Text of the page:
British tennis player, Andy Murray, has made the decision to withdraw from the French Open in order to prioritize the grass-court season leading up to Wimbledon.
Since 2017, Murray has only participated in Roland Garros once. Although he won the clay-court Challenger event in Aix-en-Provence in May, he has struggled to find consistency on the surface.
The French Open, which is the second Grand Slam tournament of the year, is scheduled to take place from May 28th to June 11th.
Murray recently suffered a loss to his long-time rival Stan Wawrinka in Bordeaux, adding to his early exits at ATP Tour events in Rome, Madrid, and Monte Carlo.
However, Murray did secure his first clay-court title since 2016 by defeating Tommy Paul, ranked 17th in the world, in Aix-en-Provence after coming back from a set down. This victory marked his first singles trophy in four years.
In May, Murray expressed uncertainty about participating in Roland Garros, stating that he needs to prioritize what is best for him at this stage of his career. He acknowledged that his best chance for a deep run in a tournament is more likely to occur at Wimbledon.
Murray is scheduled to compete in the Cinch Championships at Queen’s Club, taking place from June 19th to 25th. The Surbiton Trophy, the first event of the British grass-court season, will be held from June 4th to 11th.
While Murray reached the French Open final in 2016, where he was defeated by Novak Djokovic, and the semifinals in 2017, ending his run was Stan Wawrinka.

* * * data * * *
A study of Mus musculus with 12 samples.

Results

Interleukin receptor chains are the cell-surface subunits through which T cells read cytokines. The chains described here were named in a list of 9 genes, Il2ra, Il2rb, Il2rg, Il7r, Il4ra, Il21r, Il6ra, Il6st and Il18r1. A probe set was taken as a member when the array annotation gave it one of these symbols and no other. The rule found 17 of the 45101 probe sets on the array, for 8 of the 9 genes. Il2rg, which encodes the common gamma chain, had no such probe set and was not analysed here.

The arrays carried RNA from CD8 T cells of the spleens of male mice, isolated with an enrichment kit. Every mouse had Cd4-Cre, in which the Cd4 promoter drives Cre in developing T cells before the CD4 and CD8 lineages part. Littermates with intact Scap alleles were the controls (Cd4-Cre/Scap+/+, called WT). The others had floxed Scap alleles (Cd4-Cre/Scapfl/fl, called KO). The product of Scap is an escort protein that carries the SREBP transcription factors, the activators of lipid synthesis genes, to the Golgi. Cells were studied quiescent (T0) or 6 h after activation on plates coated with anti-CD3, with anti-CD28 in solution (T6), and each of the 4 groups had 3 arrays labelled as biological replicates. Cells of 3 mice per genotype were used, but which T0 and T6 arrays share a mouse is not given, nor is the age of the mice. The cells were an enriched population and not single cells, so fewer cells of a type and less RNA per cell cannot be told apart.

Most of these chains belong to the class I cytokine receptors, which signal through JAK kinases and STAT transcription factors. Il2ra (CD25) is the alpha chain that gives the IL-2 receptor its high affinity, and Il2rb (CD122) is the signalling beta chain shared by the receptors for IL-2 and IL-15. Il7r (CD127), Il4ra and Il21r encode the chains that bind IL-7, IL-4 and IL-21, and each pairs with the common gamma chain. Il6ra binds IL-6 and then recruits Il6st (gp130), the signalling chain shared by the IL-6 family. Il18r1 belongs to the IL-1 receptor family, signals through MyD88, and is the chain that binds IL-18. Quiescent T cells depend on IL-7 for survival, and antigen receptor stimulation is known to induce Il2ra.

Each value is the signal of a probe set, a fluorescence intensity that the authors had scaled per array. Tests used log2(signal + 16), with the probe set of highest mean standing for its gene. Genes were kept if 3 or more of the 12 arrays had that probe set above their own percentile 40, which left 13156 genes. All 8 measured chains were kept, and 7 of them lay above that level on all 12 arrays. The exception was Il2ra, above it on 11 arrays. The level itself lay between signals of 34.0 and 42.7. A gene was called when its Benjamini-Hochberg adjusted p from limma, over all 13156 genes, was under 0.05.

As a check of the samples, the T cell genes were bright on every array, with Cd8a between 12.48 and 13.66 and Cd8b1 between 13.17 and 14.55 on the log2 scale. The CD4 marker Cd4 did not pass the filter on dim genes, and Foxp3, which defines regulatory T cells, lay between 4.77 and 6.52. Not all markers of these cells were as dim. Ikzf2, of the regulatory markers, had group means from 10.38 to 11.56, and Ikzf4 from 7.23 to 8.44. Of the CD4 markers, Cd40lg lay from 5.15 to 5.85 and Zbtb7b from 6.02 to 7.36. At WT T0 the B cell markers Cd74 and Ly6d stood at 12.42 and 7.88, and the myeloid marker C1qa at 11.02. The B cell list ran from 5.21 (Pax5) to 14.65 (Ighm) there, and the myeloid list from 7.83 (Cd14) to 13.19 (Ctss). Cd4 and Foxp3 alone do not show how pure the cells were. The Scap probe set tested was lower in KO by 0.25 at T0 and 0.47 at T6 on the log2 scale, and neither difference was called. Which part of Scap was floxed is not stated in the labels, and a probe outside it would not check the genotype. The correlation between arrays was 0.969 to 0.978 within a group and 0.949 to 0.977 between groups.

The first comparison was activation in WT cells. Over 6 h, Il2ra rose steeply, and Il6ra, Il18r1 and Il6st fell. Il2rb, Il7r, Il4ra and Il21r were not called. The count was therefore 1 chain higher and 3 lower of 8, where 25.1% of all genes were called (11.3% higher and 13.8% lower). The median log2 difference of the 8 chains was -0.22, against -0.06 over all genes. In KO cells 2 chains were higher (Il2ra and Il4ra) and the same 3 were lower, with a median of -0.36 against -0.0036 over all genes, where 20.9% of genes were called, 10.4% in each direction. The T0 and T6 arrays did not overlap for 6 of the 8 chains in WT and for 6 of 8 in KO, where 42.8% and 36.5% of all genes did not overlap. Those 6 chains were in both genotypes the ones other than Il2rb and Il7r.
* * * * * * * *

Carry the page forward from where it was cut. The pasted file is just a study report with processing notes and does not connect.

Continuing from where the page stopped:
After undergoing hip resurfacing surgery in 2019, Murray’s ranking dropped to 503 in the men’s rankings. However, he has worked his way back up to 42nd in the world.
In the Australian Open earlier this year, Murray had remarkable performances, spending over 10 hours on court in victories over Matteo Berrettini and Thanasi Kokkinakis before being eliminated in the third round by Roberto Bautista Agut.
Murray joins Rafael Nadal, a 14-time champion, in withdrawing from the French Open. Additionally, Matteo Berrettini and Nick Kyrgios have also decided not to participate.
Jodie Burrage, the British women’s number two, will also miss the French Open due to a lingering injury, despite her initial plans to participate in the qualifying rounds. Burrage hopes to recover in time for the grass-court event in Surbiton, starting on June 4th, and she will surpass Emma Raducanu in the rankings following the French Open, regardless of her results.